Center for Biological Diversity

For Immediate Release, June 1, 2015

Contact: Stephanie Feldstein, (734) 395-0770,

12,000 Endangered Species Condoms Sent to Venezuela to Alleviate Shortage

TUCSON, Ariz.— More than 12,000 free condoms are being delivered to health clinics in Venezuela to help alleviate the condom shortage caused by import restrictions. The condoms are being donated by the Center for Biological Diversity’s Endangered Species Condoms project.

Art by Shawn DiCriscio. Package design by Lori Lieber. Images are available for media use.

“The condom shortage may have started as an economic policy issue, but when contraception is unavailable, it becomes a threat to public health, reproductive rights, families and biodiversity,” said Stephanie Feldstein, population and sustainability director at the Center. “While 12,000 condoms won’t be able to meet the country’s need, we hope it will help draw attention to the urgency of the situation in Venezuela.”

In February media outlets around the world reported that condoms and other forms of contraception had become increasingly difficult to find, leading to boxes of condoms being sold online for as much as $755 U.S. dollars. Amid concerns about the public health risks posed by the lack of contraceptives, the health ministry announced it would distribute free condoms; however, import restrictions continue to create an urgent need for condoms.

Barbara Lee, an advocate of healthy sexual education and author of Sacred Sex, reached out to the Center after reading reports about the crisis. Lee helped raise money to ship the condoms and connected the organization with Venezuelan health advocate Dr. Fernando Bianco of the Psiquiatría Clínica Asociación Civil (Civil Association of Clinical Psychiatry) to distribute the condoms to local health and family planning clinics in need.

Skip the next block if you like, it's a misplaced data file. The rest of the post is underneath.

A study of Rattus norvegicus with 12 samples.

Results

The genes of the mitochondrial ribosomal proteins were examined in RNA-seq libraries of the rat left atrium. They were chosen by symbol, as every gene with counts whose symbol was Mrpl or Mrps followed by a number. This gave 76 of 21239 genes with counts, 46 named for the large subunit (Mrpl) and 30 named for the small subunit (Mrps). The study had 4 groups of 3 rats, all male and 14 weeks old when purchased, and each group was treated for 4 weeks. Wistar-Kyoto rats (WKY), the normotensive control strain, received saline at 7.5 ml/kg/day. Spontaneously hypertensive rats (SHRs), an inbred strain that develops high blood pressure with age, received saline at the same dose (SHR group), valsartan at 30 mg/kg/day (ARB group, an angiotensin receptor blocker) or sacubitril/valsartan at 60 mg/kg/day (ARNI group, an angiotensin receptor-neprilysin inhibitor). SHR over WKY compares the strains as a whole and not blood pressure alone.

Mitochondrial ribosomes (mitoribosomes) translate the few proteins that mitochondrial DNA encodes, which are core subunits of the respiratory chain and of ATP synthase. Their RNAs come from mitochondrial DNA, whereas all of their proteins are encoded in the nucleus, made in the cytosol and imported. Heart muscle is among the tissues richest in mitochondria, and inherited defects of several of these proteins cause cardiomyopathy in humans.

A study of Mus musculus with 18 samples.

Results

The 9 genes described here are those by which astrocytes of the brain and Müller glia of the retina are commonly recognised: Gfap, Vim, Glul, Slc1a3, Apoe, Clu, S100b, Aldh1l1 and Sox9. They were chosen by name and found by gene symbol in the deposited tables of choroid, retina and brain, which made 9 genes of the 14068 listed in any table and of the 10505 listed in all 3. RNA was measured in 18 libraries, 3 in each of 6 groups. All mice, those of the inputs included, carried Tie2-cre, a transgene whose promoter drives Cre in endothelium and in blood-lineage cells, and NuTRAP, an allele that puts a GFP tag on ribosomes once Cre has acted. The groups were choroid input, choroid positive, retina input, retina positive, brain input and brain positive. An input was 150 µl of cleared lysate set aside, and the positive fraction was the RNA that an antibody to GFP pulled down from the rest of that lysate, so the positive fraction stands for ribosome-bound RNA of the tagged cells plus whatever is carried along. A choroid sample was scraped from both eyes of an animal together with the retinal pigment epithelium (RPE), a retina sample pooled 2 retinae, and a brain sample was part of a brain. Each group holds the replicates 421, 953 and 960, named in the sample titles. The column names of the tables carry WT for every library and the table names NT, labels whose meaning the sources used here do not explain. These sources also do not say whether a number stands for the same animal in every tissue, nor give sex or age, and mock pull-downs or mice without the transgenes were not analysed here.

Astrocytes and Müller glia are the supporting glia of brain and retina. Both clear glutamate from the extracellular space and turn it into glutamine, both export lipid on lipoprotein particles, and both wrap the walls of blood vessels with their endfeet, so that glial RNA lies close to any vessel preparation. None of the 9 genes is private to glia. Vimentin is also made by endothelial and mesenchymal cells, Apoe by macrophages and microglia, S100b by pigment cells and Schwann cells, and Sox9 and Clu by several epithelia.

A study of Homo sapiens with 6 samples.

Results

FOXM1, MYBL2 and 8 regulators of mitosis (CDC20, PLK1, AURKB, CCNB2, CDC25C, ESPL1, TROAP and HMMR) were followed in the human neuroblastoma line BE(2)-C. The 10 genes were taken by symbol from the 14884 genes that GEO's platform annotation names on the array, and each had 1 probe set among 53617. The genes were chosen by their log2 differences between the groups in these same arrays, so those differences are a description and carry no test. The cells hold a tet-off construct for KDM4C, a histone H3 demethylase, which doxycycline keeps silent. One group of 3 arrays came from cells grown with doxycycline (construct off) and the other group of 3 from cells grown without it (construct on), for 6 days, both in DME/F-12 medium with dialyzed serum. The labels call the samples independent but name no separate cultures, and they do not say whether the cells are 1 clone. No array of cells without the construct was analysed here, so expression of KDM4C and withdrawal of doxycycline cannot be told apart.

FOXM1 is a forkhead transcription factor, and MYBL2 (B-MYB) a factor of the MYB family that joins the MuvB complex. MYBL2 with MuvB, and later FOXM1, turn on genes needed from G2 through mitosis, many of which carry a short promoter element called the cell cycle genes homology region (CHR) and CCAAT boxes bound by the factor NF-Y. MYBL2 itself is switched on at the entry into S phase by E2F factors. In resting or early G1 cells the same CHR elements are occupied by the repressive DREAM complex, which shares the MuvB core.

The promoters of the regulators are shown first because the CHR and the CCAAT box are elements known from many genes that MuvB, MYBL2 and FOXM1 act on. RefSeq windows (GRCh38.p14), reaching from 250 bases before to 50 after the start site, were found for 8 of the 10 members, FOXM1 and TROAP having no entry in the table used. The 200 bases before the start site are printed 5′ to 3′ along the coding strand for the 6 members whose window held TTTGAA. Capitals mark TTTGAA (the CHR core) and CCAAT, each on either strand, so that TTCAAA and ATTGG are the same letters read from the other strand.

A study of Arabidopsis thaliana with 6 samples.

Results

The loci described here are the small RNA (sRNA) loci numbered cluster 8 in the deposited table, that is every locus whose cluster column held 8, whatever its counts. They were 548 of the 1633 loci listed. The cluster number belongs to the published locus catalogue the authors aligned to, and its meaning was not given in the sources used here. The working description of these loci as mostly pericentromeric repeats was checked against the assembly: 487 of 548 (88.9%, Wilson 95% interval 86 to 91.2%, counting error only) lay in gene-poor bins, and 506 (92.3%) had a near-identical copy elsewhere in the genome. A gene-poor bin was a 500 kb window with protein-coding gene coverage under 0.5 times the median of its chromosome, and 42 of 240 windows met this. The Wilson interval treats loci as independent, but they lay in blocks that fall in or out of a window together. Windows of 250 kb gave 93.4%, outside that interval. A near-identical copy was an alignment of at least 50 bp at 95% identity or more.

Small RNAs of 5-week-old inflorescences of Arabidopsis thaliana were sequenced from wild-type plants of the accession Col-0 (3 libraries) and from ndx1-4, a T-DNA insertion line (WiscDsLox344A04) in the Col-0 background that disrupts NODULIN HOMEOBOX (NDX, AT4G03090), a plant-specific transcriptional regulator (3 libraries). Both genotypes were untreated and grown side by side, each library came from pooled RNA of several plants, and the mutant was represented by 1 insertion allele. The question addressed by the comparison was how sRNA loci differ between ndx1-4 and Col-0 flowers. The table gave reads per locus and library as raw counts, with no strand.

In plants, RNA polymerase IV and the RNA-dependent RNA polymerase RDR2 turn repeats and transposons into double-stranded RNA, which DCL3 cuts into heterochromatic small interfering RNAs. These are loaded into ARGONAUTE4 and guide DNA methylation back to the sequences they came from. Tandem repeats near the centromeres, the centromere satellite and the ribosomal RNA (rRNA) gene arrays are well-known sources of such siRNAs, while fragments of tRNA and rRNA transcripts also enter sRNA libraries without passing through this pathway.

“Our foundation wants to express its word of recognition and appreciation for the donation of such a large amount of condoms for free distribution in our sex clinics and family-planning facilities here in Venezuela,” said Dr. Bianco. “We are in a desperate predicament now due to the deficit of birth control in our country, and we deeply appreciate this initiative and intervention.”

The Endangered Species Condoms project is part of the Center’s Population and Sustainability program, which highlights the connections between unsustainable human population growth, overconsumption, and the wildlife extinction crisis — as well as promoting a range of solutions, including universal access to birth control and family planning and education and empowerment of women and girls.

The Endangered Species Condoms come in colorful packages featuring six different endangered species and information to help start the conversation about the impact of runaway human population growth on imperiled wildlife. The Center has given away more than 650,000 free Endangered Species Condoms since 2009.

To learn more about the Endangered Species Condoms project, visit

The Center for Biological Diversity is a U.S.-based nonprofit conservation organization with more than 825,000 members and online activists dedicated to the protection of endangered species and wild places.